The state-funded paper is to be replaced by a new publication, run by the fledgling St Helena Broadcasting Corporation.

The St Helena Media Board, which publishes the Herald, will continue to operate Radio St Helena until the SHBC is ready to launch three new FM radio channels on the island.

The Governor, Mark Capes, said: ‘Under St Helena law, the media board has a duty as long as it exists to publish a newspaper. As we need to keep the SHMB active until the new FM radio services starts transmitting in June/July, we must adjust the law to allow it to do so without being compelled to produce the Herald when the new newspaper is published.

Executive councillors were asked only last week to allow the St Helena News Media (Amendment) Bill to be put before the Legislative Council and be passed into law – with the paper’s closure already imminent.

However, councillors had already agreed to the setting up of the new community-owned media trust and the principle of closing the Herald and Radio St Helena.

One difficulty has been that the launch date for the new paper has been uncertain. Its name has not even been made public.

Staff have been preparing the launch in temporary premises behind The Standard pub. They will be taking over the Audit Office premises in Castle Gardens.

The broadcasting corporation was the idea of John Styles, who declined an invitation to chair the media board but offered to devise a new model for journalism on the island.

Critics has seized on the fact that the new organisation will be funded by government initially, with the hope that it can become financially independent as St Helena’s economy grows once the island’s first airport opens in 2015.

But Mr Styles said: ‘It is wrong and misleading to suggest that this will result in government control.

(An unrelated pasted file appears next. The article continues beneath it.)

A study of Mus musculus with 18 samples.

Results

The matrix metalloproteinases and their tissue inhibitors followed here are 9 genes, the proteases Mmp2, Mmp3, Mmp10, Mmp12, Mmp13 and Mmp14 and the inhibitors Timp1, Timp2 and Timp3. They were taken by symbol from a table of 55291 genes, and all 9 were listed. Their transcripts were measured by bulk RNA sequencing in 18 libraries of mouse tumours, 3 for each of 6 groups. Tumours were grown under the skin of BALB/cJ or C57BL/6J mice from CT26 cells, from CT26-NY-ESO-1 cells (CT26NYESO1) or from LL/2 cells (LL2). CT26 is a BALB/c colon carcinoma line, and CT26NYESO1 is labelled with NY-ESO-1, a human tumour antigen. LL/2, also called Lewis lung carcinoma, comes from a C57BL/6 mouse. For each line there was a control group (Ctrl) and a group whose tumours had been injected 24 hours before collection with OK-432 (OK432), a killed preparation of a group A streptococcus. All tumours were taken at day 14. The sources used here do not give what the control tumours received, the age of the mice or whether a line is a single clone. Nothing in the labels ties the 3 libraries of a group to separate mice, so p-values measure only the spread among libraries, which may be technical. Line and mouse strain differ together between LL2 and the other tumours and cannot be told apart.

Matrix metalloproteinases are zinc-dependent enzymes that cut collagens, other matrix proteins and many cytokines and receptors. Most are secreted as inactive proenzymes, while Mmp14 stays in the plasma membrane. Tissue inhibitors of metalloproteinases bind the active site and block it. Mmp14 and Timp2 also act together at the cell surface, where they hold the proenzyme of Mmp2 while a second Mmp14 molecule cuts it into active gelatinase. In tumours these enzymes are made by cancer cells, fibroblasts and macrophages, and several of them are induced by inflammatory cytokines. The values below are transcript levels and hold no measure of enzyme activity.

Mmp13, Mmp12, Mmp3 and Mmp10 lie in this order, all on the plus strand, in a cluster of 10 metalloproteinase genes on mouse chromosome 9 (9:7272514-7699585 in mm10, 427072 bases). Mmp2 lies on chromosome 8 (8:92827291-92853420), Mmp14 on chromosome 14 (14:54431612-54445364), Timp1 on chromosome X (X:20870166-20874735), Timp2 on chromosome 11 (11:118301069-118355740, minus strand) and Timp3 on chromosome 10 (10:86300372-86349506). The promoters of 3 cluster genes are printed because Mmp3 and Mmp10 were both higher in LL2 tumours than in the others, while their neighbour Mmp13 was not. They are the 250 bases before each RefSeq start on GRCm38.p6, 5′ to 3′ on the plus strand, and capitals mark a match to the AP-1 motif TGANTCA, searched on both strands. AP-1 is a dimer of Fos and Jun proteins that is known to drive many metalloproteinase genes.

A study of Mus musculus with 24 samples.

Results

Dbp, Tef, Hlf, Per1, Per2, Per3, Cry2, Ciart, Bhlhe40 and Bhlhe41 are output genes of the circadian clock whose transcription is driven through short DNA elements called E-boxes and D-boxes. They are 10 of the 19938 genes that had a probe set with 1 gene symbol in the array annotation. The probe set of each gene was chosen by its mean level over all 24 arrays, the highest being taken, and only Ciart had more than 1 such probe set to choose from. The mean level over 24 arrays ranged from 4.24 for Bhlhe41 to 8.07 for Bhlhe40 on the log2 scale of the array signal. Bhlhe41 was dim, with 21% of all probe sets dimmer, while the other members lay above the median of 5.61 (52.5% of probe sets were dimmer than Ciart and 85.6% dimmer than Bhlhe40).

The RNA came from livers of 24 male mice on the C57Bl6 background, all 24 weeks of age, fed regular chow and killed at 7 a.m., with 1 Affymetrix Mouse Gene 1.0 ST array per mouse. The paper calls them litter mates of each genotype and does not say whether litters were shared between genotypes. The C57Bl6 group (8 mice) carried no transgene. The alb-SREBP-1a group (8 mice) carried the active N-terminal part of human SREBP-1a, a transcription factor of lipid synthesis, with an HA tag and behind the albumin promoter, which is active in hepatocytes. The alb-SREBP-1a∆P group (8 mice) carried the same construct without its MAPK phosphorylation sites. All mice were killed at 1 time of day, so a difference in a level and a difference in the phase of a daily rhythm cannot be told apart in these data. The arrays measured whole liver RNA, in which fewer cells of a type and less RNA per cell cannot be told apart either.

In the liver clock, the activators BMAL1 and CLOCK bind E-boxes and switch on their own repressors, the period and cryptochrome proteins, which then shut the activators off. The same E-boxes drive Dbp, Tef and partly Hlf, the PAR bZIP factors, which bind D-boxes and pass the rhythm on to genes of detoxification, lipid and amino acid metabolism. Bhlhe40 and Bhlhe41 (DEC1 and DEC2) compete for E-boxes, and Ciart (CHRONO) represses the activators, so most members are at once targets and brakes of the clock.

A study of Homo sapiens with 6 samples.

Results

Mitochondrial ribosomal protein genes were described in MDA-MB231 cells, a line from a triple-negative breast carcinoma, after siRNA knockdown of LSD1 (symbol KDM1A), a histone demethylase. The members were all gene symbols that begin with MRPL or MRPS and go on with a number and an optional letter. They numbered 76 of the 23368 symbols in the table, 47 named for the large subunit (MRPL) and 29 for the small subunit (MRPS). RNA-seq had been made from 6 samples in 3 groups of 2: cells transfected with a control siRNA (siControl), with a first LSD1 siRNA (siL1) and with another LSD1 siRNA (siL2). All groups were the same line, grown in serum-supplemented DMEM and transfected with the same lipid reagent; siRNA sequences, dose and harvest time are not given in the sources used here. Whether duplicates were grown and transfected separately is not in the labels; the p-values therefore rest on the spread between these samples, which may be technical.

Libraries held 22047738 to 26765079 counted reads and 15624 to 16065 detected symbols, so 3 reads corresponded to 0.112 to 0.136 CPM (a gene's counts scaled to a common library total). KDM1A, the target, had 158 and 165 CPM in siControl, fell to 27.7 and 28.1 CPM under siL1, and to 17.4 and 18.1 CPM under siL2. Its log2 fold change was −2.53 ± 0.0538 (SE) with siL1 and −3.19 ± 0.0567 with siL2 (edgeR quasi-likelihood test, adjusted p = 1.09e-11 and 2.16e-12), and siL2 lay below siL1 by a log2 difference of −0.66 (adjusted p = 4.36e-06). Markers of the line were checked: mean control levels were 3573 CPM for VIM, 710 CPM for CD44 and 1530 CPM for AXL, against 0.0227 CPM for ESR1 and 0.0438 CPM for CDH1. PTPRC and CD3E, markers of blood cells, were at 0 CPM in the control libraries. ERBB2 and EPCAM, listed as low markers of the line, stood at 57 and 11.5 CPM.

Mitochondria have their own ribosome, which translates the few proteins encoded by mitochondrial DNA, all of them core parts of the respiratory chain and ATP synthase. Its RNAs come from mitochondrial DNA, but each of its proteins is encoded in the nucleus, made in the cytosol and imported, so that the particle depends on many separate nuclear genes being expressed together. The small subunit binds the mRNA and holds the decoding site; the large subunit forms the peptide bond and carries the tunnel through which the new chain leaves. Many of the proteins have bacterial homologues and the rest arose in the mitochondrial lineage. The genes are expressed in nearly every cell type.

‘The new media organisation is owned by the independent voluntary sector. It has a board made up of senior representatives of the voluntary sector. It is totally independent of government.’

But the editor of the commercially-run St Helena Independent has launched a highly critical attack on ‘the Government Media Monopoly Company’, as he calls it.

‘We are trying to get some sense out of St Helena Government on the matter,’ wrote Mike Olsson in last week’s paper. ‘Obviously, if this fails, truth behind the government attack against the private sector has to come out.’

He pointed out that the Audit Service had clearly stated that subsidised bodies should not compete on the open market.

‘It is all very confusing really to have a government who says it supports private sector… and the Chamber of Commerce, the “crusaders of the private sector”, joined together to launch an attack on private sector, freedom of press and ultimately democracy.’

The broadcasting corporation says its core values are to cherish and preserve:

  • the media`s independence from the state
  • its impartiality and professionalism and
  • its honesty and integrity

Mr Styles said: ‘Although community-owned companies exist elsewhere in the world, the new media organisation will be the first of its kind in St Helena. To create something completely brand new in every way is difficult and challenging, but along with the challenge comes the personal satisfaction.’